Lawyers on both sides are finalizing details of a settlement which compensates former players and funds medical research. Players who developed debilitating brain injuries after spending a short time in the NFL may not receive as much as those who were injured after playing for a longer period of time. NBC's Stephanie Gosk reports.
The wives of former NFL players told NBC News they were overjoyed by a federal judge’s ruling Tuesday that a $765 million settlement of a concussion lawsuit against the league might not be big enough to cover the needs of 20,000 retired players and their spouses.
“Hallelujah, so happy to hear that,” said Gerri DeLamielleure, wife of Joe DeLamielleure, a Hall of Fame offensive lineman with a degenerative brain disease related to concussions suffered during his 13-year NFL career. “That’s not even close to being enough money.”
The lawsuit, filed on behalf of 4,500 former players, was settled in August for $765 million, though the NFL has not admitted any liability or that the injuries were caused by football. The league agreed to split the money between compensation for players, research and medical monitoring for players who have not yet been diagnosed.
The settlement applies to all retired NFL players and their spouses -- more than 20,000 people -- and is structured to last more than 60 years. The amount of money awarded would fluctuate based on the age of the ex-player and the medical diagnosis.
Courtesy DeLamielleure Family
Gerri and Joe DeLamielleure, an offensive lineman for the Buffalo Bills and Cleveland Browns in the 1970s and 1980s. DeLamielleure is a member of the Pro Football Hall of Fame.
But on Tuesday, after reviewing the payout plan, U.S. District Judge Anita Brody filed an opinion in which she declined to approve the deal and asked for more financial information from both the league and the ex-players.
“I am primarily concerned that not all retired NFL football players who ultimately receive a qualifying diagnosis or their related claimants will be paid,” wrote Brody. She said that even if only 10 percent of retired players received a qualifying diagnosis, “it is difficult to see how the Monetary Award Fund would have the funds available over its lifespan to pay all claimants.”
Courtesy of Tia McNeill
Fred and Tia McNeill. Fred McNeill played for the Minnesota Vikings from 1974 to 1985.
In December, wives of former NFL players told “Nightly News” of the same fear. The wives have had to handle much of the paperwork, the discussions with doctors and lawyers, and the fight for benefits, while also holding their households together, because their husbands have been left with short term memory loss, depression and other ills that make it difficult to hold a job or pay mounting medical bills. Last fall, a letter written by one of the lawyers involved in the suit said that under the proposed terms of the settlement, players who played five years or less might not receive much money.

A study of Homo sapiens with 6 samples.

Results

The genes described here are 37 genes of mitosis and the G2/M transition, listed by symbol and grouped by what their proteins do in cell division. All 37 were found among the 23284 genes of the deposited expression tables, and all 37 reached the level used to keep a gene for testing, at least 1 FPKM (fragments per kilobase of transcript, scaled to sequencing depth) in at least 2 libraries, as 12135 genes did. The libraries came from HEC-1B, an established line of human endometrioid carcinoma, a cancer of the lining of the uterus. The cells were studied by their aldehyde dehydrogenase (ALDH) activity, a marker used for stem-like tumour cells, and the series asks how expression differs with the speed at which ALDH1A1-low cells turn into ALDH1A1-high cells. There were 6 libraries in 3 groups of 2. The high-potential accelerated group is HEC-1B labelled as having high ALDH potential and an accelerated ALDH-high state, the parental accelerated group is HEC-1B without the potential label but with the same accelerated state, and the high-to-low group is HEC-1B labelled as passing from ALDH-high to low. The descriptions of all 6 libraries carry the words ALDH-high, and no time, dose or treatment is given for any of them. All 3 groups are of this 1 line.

Tia McNeill, one of the NFL wives who spoke to “Nightly News,” said Judge Brody’s decision was “huge.”
“It’s almost like she’s saying the numbers don’t add up,” said McNeill.
Tia’s husband Fred, a Minnesota Viking from 1974 to 1985, prepared for life after football by getting a law degree. Now, however, he can’t work and has trouble recognizing old friends. “This has impacted more people than we can possibly imagine,” said Tia McNeill. “It appears that Judge Brody understands this. She’s stating that she’s really paying attention to the details of this and that the class is potentially bigger than what was originally thought it could be.”
Three wives of former professional football players sit down to discuss their husbands' conditions and involvement in a lawsuit against the NFL for allegedly covering up the dangers of concussions. NBC's Stephanie Gosk reports.
The physical toll of football is often easy to see in the veterans. Some struggle to walk down stairs or sit comfortably. Brain injuries are less visible. The condition most often associated with repeated concussions, chronic traumatic encephalopathy (CTE), is hard to diagnose until after death, during an autopsy. Researchers have told Joe DeLamielleure, now 62, that they believe he has CTE.
Repeated concussions are also associated with memory loss and behavior changes. Trisha Bell, who also spoke to NBC in December, said her 45-year-old husband Nick, who played three seasons for the NFL’s Raiders, now suffers from depression. Trish does all the shopping and driving and pays the bills.
Trisha Bell said Judge Brody was right to question the size of the settlement.
“The payout schedule proposed doesn't begin to cover the cost of lost wages,” said Bell. “Too many men are blamed for not working yet they qualify for disability. A fair settlement would return dignity to many who have given yet have been discarded.”
George Rose / Getty Images
Defensive end Leon Seals and linebacker Ray Bentley of the Buffalo Bills take down running back Nick Bell of the Los Angeles Raiders on Dec. 8, 1991 in Los Angeles.
When the settlement was first announced, NFL president Roger Goodell called it “a significant amount of money” and said it was good for both sides. “We were able to find common ground to be able to get relief to the players and their families now rather than spending years litigating.”
On Tuesday, the league issued a statement promising to comply with the judge’s request. “We will work with the plaintiffs’ attorneys to supply that information promptly to the court and special master. We are confident that the settlement is fair and adequate, and look forward to demonstrating that to the court.”
Jason Luckasevic, who was the first attorney to file a concussion lawsuit against the NFL, said the decision was “an important development” that showed the deal needed to be fair to the entire class of former players, including his 550 clients.
“This is a sign that the players are finally getting what they deserve,” he said.